Being a victim of a crime can be devastating and has long lasting consequences. Housing, employment, education, privacy, safety, and, in some cases, citizenship can be put in jeopardy because you were attacked.
The Right to Participate in the Criminal Justice Process
In Massachusetts, Connecticut, and federal courts, you have the right to be notified of any court hearing or parole hearing for a defendant who committed a crime against you. You also have the right to be notified if the defendant is released or escapes from prison. You have the right to attend court hearings, to make a statement at any public proceeding involving the case, and to speak with the prosecutor.
The Right to Financial Compensation for Your Losses
The federal system and many state governments have established programs to compensate victims of crime. These programs are designed to reimburse you for out-of-pocket expenses related to a violent crime. Many courts also require the defendant to make restitution as part of the criminal sentence.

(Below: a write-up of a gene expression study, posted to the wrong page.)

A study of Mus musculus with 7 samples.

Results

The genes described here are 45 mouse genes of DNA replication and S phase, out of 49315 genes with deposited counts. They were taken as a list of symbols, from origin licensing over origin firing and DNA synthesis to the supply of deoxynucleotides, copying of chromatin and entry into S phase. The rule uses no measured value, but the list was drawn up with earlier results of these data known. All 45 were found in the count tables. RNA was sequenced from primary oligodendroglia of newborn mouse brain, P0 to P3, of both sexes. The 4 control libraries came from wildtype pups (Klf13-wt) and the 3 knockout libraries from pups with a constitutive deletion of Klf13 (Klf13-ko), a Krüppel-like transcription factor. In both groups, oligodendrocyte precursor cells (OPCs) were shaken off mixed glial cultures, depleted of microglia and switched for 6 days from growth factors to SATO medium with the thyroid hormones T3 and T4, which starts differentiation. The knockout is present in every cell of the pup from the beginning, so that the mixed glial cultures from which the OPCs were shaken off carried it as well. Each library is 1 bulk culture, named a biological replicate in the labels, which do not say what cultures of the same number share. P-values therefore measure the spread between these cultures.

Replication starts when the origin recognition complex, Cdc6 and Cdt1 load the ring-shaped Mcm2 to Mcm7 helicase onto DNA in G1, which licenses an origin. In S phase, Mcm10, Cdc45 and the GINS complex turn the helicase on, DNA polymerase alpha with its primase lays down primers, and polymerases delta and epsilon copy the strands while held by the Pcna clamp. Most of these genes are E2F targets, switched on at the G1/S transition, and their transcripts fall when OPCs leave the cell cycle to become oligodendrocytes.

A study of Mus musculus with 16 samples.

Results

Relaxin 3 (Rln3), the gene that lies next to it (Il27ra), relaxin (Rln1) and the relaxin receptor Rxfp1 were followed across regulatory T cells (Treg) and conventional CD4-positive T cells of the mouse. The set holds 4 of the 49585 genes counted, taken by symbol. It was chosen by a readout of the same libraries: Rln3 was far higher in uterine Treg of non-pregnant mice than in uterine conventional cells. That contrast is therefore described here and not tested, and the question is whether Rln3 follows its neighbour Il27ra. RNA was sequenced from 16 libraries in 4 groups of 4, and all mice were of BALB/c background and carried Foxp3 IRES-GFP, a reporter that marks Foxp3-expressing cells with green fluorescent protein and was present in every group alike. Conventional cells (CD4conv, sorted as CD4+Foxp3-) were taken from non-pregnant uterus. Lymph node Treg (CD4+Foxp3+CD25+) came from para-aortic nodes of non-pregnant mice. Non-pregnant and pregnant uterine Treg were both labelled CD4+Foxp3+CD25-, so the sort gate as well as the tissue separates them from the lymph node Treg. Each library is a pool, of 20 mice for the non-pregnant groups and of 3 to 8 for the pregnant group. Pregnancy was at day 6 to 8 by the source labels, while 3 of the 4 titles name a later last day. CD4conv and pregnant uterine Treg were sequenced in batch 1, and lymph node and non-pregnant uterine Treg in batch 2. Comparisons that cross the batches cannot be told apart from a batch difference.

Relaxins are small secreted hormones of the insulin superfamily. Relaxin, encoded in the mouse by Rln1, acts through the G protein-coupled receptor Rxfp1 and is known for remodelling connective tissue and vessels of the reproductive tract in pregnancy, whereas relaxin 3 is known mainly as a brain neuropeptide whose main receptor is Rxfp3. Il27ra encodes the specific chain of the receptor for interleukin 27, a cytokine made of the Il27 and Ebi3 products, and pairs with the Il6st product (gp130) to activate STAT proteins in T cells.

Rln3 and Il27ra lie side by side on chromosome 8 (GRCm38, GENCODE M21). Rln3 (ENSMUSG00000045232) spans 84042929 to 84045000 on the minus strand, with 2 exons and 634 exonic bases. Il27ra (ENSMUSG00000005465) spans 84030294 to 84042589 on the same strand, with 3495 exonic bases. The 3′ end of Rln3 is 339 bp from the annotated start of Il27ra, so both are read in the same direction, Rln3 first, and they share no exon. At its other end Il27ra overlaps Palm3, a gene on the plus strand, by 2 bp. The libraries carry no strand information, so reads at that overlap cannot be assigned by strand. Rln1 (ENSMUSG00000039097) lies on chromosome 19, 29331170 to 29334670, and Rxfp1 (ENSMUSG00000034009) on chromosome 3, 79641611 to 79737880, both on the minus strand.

The Right to Sue Your Defendant
As a crime victim, you have the right to sue the defendant in civil (rather than criminal) court for compensation of any losses you have suffered. Compensation may be difficult to obtain, however, if the defendant has few assets.
The Right to Protection
Federal law guarantees you the right to “reasonable protection” from a defendant. Depending on the circumstances, you may be entitled to police escorts to and from court, a secure waiting area in the courtroom, relocation of your residence, and even participation in a witness protection program. A court may also issue an order preventing your employer from firing you for taking time off to participate in the justice process.